Parks Q to T

Originally deeded to the city in 1905 by Clarence M. Dustin, it was renamed as "Sunset Place" in December of 1980. (Edited from the files of Don Sherwood, 1916-1981, Park Historian.)
SW Queen Anne Greenbelt
The SW Queen Anne Greenbelt offers visitors a chance to escape the busy city and immerse themselves in a natural forest setting. You can access the trails by parking nearby and walking through the 12th W & W Howe Park. Just hike down the stairs next to the hillside slide and the trail will lead you into the forested area from there!
T.T. Minor Playground
TT Minor Park includes a children’s play area, a sports field, a jogging/walking path and relocation of the existing school parking lot. Improvements also included landscaping, new paving, benches, a drinking fountain and a bike rack, all of which are accessible to people with disabilities.
Tashkent Park
Tashkent Park is a charming shady neighborhood park with picnic tables, a wooden arbor, benches, and a sculpture. Tashkent Park was named for Tashkent, Uzbekistan, one of Seattle's International Sister Cities.
Taylor Creek Headwaters
This natural space is a steeply sloped site named for Taylor Creek, which flows through neighboring Lakeridge Park into Lake Washington.
Terry Pettus Park
Terry Pettus Park includes shoreline access and a public float. Tie-up time is limited to 2 hours.
Thayer Place
This park space is a small plot of land with a staircase and shrubs.
Thomas C. Wales Park
Seattle Parks and Recreation worked with the Office of Arts and Cultural Affairs to select an artist to collaborate with the landscape architects in designing a site that can be used for recreation and open space as well as to promote the value of arts and culture. The property was used as a gravel pit and for material storage prior to being developed into a neighborhood park.
Thomas Street Mini Park
Thomas Street Mini-Park is a small neighborhood Park in one of the most densely populated areas of Seattle. Near small shops and cafes, it's ideal for sunbathing and relaxing.
Thorndyke Park
This is a small neighborhood park that comes complete with a walking path and is adjacent to bus lines. Great view of downtown, Mt. Rainier and the Puget Sound through the trees.
Thornton Creek Natural Area
Thornton Creek Natural Area is a series of properties in the Northgate neighborhood that preserve green space around Thornton Creek. This natural area includes Beaver Pond, Licorice Fern, Kingfisher, and other smaller natural areas and includes paths, restored native plants, and wildlife viewing.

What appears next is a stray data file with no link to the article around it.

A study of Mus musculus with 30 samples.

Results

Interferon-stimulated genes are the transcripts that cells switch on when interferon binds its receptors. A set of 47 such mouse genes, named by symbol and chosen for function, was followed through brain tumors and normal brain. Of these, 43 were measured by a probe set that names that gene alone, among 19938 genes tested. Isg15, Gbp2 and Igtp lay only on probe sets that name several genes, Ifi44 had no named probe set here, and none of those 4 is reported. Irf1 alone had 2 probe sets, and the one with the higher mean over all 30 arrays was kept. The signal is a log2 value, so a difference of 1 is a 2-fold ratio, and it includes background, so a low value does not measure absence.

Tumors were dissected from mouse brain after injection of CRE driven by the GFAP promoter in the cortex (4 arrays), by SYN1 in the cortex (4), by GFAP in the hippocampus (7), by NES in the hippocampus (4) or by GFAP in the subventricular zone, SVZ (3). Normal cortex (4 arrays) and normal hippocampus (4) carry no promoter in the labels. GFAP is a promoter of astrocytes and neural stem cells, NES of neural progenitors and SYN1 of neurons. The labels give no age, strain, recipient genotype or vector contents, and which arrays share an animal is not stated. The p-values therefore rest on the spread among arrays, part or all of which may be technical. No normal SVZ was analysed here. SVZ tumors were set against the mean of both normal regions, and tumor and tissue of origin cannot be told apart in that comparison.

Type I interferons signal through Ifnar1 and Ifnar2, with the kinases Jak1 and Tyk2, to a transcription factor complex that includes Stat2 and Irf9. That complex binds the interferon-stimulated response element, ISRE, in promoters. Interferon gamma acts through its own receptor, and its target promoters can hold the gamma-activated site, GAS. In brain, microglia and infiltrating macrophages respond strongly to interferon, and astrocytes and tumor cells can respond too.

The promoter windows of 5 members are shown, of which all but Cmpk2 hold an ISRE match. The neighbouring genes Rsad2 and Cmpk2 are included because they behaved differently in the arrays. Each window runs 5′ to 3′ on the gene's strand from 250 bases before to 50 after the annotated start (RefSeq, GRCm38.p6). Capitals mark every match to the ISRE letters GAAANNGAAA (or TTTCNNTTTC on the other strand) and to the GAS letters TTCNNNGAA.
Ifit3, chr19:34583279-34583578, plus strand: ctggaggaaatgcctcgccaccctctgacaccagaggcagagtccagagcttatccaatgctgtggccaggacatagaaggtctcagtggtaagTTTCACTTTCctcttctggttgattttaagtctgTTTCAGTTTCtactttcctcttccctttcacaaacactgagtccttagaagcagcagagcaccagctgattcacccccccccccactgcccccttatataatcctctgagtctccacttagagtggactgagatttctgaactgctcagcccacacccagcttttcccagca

Thyme Patch Park
Thyme Patch Park is a tiny jewel nestled in a west Ballard neighborhood that combines the best elements of a neighborhood park and community garden. The park includes a P-Patch, Master Gardener demonstration gardens, benches, lawn area and walkways. The entrance features a hand-crafted steel handrail by artist Chuck Nafziger.
Tilikum Place
The main attraction of this small square in the northwest corner of the central business district is a life-size statue of Chief Seattle, for whom the city was named. Wrapped in a stained copper shawl, the chief stands on a pedestal with one arm raised in symbolic greeting to the first white settlers who landed at Alki Point in 1851. Bear heads at the base of the pedestal spout streams of water into a pool.
Troll’s Knoll Park
The site is located in the right-of-way at the north end of the Aurora Avenue Bridge between 808 N 36th Street and 916 N 36th Street, just west of the Fremont Troll. The park is a model design of a sustainable park space and provides a critical pedestrian link to other areas of Fremont, particularly bus stops and the developing neighborhood business district in northern Fremont. The open lawn, seating areas, views and plantings create a nice place to enjoy a picnic after visiting the Fremont Troll.
Trolley Hill Park
Trolley Hill Park is located at 5th N and Blaine Street on Queen Anne. This park features a community P-Patch, a picnic area, and a natural play area. The name was chosen because 5th Avenue N was one of the main trolley lines leading up Queen Anne Hill from 1890 to 1940.
Trudy's Triangle
Originally named Ridgeway Place for a bordering street, it was renamed Trudy's Triangle in 2002 in response to a petition from the Mount Baker Community Club. Trudy Sanders was a community activist and a Seattle Parks Commissioner who lived across the street from the Ridgeway street triangle. She played a prominent role in the acquisition of Discovery Park. She died in 1994.
Twelfth Avenue South Viewpoint
12th Ave. S Viewpoint provides a stunning view from north Beacon Hill of downtown Seattle, the industrial Duwamish River shipping activity, Elliott Bay, and the Olympic Mountains to the west. The park features a lawn area as well as two benches.